Belfast Telegraph

Alan Irvine's job on a knife edge as Pearson gets slice of luck

By Jon Culley

Alan Irvine's position as West Bromwich Albion head coach appeared to be in the balance last night after his side's slide towards the Premier League relegation zone continued with a seventh defeat in nine matches - a 2-0 loss to Stoke City.

The 56-year-old Scot admitted before the trip to Stoke that he feared for his job and he now waits to see if chairman Jeremy Peace is prepared to give him one more chance with the trip to West Ham on New Year's Day.

The second Stoke goal yesterday came through a substantial slice of luck - Mame Biram Diouf scored both - but Albion fans made no allowance for that as they made their feelings clear at the final whistle.

Booing and abuse accompanied Irvine as he walked past the visiting supporters towards the tunnel, although he showed no reaction and handled difficult questions with characteristic dignity as he was asked about his position.

"The reaction of the crowd is difficult to take but I can understand their frustrations," he said. "I am frustrated, as are the players. But it's not really about me. I'm more concerned about the players because it was a difficult result for them to take. Against Manchester City on Boxing Day there were individual errors but here they made no such mistakes.

"I hope I'm still in the job for the New Year but I'm not in control of that so I don't know.

"I still feel I am capable of turning things round and I think the players believe that too. I want to do this job and see things through but it is for other people to make those decisions."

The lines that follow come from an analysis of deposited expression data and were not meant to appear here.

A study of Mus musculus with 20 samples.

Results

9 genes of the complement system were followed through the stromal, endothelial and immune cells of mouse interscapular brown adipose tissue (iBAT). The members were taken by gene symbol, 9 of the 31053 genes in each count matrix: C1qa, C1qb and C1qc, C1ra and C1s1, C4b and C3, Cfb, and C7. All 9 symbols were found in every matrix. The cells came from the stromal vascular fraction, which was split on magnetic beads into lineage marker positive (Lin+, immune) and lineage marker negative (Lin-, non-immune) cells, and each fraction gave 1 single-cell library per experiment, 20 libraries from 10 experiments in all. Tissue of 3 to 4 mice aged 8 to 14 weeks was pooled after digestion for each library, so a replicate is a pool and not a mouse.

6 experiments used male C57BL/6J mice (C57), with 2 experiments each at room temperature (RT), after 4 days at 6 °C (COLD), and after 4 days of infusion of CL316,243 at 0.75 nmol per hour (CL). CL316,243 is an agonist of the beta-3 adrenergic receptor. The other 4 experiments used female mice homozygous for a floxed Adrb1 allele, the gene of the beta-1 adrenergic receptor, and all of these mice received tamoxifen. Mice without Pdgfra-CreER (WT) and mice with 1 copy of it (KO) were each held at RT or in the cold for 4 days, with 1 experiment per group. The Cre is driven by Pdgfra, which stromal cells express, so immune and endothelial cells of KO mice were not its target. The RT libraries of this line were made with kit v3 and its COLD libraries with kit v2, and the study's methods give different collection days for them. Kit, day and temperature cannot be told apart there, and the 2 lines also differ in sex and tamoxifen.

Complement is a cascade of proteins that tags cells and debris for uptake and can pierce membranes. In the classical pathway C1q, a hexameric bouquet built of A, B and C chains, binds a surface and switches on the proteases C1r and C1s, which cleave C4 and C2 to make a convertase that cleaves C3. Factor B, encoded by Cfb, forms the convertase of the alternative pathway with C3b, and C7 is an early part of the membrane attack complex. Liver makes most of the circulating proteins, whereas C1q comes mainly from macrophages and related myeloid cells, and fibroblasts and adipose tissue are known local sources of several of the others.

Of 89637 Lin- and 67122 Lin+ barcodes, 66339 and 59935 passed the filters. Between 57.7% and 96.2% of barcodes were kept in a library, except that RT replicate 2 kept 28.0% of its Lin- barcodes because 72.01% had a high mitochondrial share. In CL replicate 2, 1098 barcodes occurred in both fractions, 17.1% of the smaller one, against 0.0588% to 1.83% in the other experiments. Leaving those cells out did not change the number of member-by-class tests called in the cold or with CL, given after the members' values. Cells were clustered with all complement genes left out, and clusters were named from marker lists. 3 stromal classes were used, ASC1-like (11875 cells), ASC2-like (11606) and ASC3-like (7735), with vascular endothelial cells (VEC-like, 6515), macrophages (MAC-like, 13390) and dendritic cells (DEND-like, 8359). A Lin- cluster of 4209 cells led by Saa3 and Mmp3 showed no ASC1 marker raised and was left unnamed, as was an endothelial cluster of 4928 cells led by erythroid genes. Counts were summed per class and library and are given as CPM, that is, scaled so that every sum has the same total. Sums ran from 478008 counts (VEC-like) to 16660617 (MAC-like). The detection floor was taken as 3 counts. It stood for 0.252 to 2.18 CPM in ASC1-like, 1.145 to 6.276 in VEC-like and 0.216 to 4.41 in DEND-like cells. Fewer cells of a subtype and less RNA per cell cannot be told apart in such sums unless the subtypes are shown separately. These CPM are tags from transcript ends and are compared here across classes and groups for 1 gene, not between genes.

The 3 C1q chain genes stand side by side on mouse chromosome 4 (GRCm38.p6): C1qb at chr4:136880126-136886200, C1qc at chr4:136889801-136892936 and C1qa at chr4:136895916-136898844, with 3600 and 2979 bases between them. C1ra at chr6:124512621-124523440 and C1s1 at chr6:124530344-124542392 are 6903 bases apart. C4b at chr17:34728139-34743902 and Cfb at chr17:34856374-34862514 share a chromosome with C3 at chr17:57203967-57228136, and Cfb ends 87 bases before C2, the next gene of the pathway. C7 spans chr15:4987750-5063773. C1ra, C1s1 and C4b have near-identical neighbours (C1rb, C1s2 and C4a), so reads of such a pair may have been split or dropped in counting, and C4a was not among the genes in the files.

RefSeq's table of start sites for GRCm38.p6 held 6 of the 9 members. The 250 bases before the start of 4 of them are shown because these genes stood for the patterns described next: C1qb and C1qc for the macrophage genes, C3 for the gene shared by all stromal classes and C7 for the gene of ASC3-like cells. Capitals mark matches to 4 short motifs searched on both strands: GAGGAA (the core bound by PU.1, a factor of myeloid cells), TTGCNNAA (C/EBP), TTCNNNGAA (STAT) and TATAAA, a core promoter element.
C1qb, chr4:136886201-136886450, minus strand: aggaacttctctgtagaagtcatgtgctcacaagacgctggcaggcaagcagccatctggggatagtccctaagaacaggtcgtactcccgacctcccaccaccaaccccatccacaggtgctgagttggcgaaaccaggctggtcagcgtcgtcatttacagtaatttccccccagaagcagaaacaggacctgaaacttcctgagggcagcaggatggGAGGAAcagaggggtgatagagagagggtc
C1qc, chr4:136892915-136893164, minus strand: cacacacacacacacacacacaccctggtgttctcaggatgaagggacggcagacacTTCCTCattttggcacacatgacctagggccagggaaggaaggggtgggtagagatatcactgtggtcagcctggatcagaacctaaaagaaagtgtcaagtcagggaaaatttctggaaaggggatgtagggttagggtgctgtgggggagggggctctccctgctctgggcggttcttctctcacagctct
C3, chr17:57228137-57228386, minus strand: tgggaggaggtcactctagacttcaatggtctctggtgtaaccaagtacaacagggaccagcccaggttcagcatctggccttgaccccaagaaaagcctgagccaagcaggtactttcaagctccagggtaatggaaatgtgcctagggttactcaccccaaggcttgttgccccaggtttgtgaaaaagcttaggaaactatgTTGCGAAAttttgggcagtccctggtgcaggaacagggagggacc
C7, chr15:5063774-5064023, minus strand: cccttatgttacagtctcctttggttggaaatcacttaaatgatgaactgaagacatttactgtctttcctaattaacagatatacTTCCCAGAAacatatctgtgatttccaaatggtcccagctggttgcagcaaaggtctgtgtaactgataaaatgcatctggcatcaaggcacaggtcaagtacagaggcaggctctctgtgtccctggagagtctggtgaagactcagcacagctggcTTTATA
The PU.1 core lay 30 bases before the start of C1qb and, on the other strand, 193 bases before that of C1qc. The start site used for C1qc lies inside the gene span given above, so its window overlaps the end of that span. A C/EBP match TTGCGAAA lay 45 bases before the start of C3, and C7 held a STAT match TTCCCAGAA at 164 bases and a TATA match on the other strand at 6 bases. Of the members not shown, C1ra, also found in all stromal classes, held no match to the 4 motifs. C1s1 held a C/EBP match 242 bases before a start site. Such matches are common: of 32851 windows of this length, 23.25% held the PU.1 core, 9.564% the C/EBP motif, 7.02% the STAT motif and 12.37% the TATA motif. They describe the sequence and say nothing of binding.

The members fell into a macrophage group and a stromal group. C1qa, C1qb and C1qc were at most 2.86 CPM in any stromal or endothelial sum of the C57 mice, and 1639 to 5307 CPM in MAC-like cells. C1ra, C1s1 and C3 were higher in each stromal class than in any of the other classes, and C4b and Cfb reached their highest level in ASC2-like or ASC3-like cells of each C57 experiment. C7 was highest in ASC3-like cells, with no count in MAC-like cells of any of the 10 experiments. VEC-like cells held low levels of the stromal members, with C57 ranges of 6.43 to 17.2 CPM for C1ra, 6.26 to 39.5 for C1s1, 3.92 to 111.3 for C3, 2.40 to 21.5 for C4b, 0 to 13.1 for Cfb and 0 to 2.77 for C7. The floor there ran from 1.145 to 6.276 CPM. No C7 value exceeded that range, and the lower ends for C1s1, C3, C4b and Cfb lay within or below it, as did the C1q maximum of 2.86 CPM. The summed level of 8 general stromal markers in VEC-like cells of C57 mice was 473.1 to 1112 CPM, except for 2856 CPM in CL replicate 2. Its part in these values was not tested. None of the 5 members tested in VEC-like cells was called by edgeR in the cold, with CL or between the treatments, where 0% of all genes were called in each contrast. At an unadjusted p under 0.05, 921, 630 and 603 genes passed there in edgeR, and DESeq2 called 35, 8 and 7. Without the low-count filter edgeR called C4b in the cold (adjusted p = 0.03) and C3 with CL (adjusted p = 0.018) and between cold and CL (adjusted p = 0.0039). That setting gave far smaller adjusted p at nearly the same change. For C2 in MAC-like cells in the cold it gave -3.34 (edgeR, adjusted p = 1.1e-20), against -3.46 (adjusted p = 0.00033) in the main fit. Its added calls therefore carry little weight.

Meanwhile, Leicester City have not been enjoying too much good fortune of late, but luck turned their way in spectacular style in beating Hull City 1-0 yesterday.

Having gone ahead with a first-half goal from Riyad Mahrez, Nigel Pearson's side spent almost the entire second half defending but they saw Hull twice hit the post, have one shot cleared extraordinarily off the line and squander numerous other opportunities.

And what a relief, acknowledged Pearson. Leicester had taken just two points from their previous 13 games, and lost their last seven on the road, making this match as important as any since winning promotion.

"I know how Hull must be feeling, they'll win more matches than they lose if they put teams under that sort of pressure, but you need a bit of luck and we've certainly not had that on this long run of ours," said Pearson.

"I'd be the first to admit we didn't play as well as we can, but let's not underplay the art of defending, and our desire to keep the ball. Defeat would have meant we were in danger of losing touch."